Montgomery County event focuses on educating Black women about healthy births

Every baby deserves to be born healthy.

That was the message at the "Right from the Start" event held Saturday morning at the White Oak Community Recreation Center in Silver Spring. The event put together by the Montgomery County Department of Health and Human Services focused on education when it comes to reducing health disparities faced by Black mothers, especially those of child bearing age.

"The reason for that is, the number of infants that die before their first birthday, is higher among this group of women," explained Angeline Bell with the program.

"We want to teach them how to advocate for themselves as in how to speak to the doctor when the doctors don’t listen to them."


"I feel like Black women don’t have the resources to educate ourselves on early development as well as like being pregnant and this program itself has taught me so much about breast feeding and also postpartum and mental health so for me that has been super helpful," said Toni Wilmot a first time, mom-to-be in Silver Spring.

According to the county health department, in 2021, Black and African American women accounted for 43 percent of fetal and infant losses, yet made up approximately 20 percent of births. These losses are still prevalent, accounting for one-third or more of them in the county.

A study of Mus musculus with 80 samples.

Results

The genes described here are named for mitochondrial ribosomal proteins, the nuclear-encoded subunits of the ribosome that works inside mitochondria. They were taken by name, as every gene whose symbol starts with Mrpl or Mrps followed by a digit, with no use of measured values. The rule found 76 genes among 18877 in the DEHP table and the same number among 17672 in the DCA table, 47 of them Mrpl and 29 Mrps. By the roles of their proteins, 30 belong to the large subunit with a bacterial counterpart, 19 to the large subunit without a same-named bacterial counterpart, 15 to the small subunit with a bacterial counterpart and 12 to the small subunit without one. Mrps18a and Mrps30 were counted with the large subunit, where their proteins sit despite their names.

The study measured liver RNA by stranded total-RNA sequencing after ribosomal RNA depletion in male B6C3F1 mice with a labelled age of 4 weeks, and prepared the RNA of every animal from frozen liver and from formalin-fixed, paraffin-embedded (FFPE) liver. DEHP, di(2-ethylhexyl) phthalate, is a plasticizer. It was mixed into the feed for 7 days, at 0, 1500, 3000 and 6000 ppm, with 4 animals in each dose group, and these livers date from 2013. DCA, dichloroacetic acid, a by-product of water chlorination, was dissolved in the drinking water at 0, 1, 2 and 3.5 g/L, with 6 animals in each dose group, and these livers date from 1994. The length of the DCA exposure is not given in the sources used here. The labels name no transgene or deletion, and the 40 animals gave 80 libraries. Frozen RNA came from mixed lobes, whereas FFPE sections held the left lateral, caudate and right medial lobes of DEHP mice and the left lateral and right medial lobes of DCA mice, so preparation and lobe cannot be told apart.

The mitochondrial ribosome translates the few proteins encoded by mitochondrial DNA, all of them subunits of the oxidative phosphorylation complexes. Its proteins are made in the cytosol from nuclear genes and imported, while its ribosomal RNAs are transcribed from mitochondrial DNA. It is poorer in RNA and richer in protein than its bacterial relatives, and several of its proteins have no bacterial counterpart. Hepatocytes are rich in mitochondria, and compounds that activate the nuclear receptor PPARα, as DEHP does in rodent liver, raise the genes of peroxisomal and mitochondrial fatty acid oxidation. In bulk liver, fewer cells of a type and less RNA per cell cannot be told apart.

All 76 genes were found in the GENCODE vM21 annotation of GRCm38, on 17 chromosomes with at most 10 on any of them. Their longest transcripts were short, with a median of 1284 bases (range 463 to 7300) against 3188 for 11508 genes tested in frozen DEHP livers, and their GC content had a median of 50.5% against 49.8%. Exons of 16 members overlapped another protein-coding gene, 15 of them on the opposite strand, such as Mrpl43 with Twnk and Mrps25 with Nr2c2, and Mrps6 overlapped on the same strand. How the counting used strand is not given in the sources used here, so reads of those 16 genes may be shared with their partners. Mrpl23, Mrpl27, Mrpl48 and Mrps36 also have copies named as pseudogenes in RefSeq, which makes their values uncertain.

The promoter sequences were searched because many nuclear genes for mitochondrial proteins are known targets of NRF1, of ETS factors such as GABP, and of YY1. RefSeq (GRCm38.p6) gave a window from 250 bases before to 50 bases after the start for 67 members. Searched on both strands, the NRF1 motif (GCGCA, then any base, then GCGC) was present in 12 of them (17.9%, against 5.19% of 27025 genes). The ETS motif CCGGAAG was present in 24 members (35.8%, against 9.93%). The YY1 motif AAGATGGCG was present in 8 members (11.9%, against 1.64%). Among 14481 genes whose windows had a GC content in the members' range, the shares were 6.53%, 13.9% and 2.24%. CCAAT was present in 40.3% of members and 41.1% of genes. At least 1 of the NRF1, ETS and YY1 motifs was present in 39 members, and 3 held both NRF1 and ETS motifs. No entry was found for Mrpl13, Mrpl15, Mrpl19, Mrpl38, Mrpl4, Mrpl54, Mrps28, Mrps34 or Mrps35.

"Each baby that is born too early, born before 38 weeks of pregnancy, may spend a lot time in the NICU and it can cost the county and the state a lot of money," said Bell, "over $65,000 per baby that is in the NICU."

Organizers spearheading the initiative hope, their message of self advocacy especially when it comes to pregnancy and a healthy birth, spreads far and wide.

"We want them to tell their daughters, their friends, their sisters, to deal with those chronic illnesses before you get pregnant," Bell continued.

"Make sure you speak up and ask questions."

"I want people to understand how important community is and coming together," said Wilmot.


The next event being planned is the Black breastfeeding celebration happening August 27 at the Silver Spring Health Center.